Monday, March 2, 2015

How To Paint And Camouflage An AR Or Other Rifle Fast And Easy

Why Is Camouflage Important On Guns

Most gun owners in the USA have an assortment of firearms for different uses.  Small arms for personal protection and multipurpose long arms for hunting, target shooting or even as an investment commodity.

If there ever came a time when the average gun owner found themselves with others in a position of self defense of country or freedom from tyranny, they may find themselves at a camo disadvantage.

If you look at the photograph above, you will notice one thing that stands out in all four pictures.  In a combat scenario one would not want to put a target on their bodies, but that is exactly what they have done.  What is the point of wearing camouflage clothing and face paint to blend into your surroundings but at the same time holding an all black object that is in total contrast and stands out like a target.  

I find it odd that our own Army had only recently informed our soldiers on instruction and benefits of painting their guns in an article I found online dated 2010.  There are also a lot of videos online showing different methods of painting your firearm or anything you decide to camo up.  From knife sheaths to magazines to canteens anything can be camouflaged using spray paint and it is very easy to do.

My Ruger 10/22 Stock

Now I have never painted a stock before and was a little afraid of taking a spray can to it but after a little reading and watching a few videos I found the project fun and enjoyable.  After all when you want to buy a firearm you can find them already with camouflaged for an additional cost.  The idea of putting my own paint job on my own firearm is what really made the gun feel like it was mine and special.  The best part is if the time comes that I get tired of the look, I can repaint it a different pattern and it will be like a new firearm all over again.  You could even purchase a couple stocks and paint them different patterns to fit different environments.  Two quick screws and the action just drops into a different camo pattern.  I will be purchasing a few more stocks for this reason and will be a lot of fun painting each one.  My Ruger stock, was more of a test piece before I camo up my Ruger SR556-E.


Stencils come in all shapes and sizes and can be used with great results when painting.  You can buy them online, or print your own. and spend the time cutting them out to customize your paint job.

I will be looking around myself and may utilize some stencils in my next stock.  Although some like their paint jobs to look pretty, I would like to remind you that if your purpose is stealth, pretty is not as important as you may think.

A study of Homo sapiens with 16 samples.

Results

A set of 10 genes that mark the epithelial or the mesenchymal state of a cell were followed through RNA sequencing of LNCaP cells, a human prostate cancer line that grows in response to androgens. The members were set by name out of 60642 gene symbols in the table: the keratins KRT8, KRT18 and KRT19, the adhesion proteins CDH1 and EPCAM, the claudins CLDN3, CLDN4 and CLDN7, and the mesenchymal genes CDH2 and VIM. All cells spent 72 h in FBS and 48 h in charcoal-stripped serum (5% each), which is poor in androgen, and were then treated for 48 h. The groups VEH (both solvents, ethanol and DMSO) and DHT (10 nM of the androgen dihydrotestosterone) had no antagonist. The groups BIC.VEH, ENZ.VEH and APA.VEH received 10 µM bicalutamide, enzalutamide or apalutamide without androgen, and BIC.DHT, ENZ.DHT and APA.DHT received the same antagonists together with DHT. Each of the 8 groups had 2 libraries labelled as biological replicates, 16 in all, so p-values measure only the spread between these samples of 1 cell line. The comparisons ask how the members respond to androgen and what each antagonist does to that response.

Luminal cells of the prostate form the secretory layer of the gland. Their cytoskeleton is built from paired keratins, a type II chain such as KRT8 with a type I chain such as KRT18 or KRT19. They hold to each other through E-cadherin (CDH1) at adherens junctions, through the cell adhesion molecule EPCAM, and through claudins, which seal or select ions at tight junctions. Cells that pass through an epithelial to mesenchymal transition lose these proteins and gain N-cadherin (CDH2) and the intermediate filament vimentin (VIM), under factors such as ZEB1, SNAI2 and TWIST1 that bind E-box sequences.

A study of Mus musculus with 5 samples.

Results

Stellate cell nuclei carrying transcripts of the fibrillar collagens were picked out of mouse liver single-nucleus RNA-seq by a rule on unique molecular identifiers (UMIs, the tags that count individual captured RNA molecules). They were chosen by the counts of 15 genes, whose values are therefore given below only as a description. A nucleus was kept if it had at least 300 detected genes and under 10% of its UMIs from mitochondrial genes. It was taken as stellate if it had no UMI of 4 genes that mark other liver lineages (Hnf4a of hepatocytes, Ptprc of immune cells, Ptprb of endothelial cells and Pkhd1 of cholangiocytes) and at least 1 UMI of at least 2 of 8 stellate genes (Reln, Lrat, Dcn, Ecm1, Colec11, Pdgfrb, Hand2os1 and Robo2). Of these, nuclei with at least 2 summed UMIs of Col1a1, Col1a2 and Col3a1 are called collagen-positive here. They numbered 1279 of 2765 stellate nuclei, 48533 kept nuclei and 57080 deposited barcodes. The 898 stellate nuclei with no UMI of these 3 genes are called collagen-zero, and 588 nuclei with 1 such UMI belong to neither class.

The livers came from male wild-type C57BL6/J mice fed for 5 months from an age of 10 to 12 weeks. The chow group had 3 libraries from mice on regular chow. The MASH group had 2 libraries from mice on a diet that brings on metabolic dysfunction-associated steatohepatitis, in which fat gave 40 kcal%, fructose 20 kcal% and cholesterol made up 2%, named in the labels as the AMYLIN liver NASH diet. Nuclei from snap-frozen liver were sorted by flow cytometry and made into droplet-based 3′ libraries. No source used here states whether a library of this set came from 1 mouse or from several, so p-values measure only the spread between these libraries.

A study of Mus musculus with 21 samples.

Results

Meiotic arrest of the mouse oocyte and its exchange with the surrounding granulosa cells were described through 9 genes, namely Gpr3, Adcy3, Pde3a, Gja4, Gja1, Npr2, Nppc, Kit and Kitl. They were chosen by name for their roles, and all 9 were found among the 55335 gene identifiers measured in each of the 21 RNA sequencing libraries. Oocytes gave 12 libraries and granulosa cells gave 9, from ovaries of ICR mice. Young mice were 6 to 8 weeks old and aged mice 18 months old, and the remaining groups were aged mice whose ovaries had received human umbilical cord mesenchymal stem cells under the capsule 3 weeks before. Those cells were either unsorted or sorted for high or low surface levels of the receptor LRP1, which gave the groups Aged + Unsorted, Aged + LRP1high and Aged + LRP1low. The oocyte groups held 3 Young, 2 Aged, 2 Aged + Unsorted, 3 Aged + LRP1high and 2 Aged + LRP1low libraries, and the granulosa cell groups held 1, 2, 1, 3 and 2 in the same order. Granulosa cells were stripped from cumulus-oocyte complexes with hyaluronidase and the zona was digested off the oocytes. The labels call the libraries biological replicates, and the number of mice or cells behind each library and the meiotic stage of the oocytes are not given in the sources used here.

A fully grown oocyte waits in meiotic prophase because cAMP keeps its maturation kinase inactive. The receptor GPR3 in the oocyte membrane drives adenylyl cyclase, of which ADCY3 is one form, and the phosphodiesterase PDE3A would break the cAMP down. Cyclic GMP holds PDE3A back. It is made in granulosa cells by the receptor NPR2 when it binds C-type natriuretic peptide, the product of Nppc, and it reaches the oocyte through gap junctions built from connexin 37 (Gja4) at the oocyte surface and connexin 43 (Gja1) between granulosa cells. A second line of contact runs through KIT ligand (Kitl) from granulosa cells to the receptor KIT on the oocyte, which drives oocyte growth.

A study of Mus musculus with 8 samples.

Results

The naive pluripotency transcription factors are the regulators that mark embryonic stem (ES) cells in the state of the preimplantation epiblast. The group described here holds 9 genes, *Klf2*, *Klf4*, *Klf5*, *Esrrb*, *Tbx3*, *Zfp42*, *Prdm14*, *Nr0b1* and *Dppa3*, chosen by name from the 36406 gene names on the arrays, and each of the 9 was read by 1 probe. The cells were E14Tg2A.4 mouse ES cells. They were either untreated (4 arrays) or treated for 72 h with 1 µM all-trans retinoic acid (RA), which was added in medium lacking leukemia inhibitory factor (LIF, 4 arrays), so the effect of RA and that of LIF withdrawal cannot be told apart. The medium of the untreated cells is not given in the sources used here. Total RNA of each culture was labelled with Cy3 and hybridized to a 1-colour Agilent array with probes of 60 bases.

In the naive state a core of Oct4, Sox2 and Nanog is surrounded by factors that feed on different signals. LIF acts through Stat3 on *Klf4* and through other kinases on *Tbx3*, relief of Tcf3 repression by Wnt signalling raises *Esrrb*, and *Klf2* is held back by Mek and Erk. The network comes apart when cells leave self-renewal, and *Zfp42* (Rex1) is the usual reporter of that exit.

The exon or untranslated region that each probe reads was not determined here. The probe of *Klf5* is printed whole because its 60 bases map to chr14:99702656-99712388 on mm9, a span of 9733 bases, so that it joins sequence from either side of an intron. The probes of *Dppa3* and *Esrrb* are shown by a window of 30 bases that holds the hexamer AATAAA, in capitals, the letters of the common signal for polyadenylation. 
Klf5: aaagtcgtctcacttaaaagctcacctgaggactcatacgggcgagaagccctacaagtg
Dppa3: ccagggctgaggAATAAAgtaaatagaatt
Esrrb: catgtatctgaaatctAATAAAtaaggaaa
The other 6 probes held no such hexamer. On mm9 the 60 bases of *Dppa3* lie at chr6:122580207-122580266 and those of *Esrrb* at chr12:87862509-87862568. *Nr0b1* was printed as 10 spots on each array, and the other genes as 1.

When I painted my Ruger 10/22, I used the local plant life native to my hunting area for the pattern.  I was more concerned in the blending of colors to help break up the silhouette pattern of the rifle.  Using different leaf types layered with different shades  can produce some outstanding results.

There are a couple choices for paint when it comes to camo.  I used Rustoleum but you can also find Krylon camo paint.

Most reading and video watching I have done gave me the impression that it is best to use your lightest color as your base coat.  With the darkest color being the last.  When you are done you can dust the firearm with some more light color paint to lighten up any areas you think to dark, just remember the dried light paint will darken a bit once dried due to the darker color underneath.
My Ruger AR Style SR556-E

Here is the before picture of my SR556-E before going under the spray can.  Like the 10/22 before it, I will start with the lightest color as the base and that will be sand.  I will need to prepare it first.

Using a degreasing agent you need to get any oils off the painting surface by wiping it down.  Then using some frog tape for painting, tape off anything you do not want to get paint into.  I put a strip of tape on the bolt and then closed the dust cover and taped off the gun sights as well to keep them as is.

I personally wanted a desert type theme, so my base coat was sand color.  Keep in mind it would not be unusual to end the paint job with the same color as touch up so do not use it all.  It also can be a light coating so if the original color shows a bit that is ok.  This is just what I wanted, paint yours to your own taste and needs.  You should also YouTube search and watch some short videos, there are alot of examples out there.

I also stuck with one type of plant pattern, although some sweet paint jobs are out there using multiple plant types combined with outstanding results.

I used short bursts of paint with a grey paint color, then overlapped with a little green. After about 15 minutes of drying I used the plant and light brown sporadically touching up a lightening the patern so the grey would shadow.  Final task clear coat.

What I ended up with is a versatile firearm that can be used for hunting in a variety of hunting areas.  The color scheme also matches my favorite hunting camouflage I wear.
Now my firearm will not stand out like a soar thumb.  I hope this gives you some ideas and happy hunting!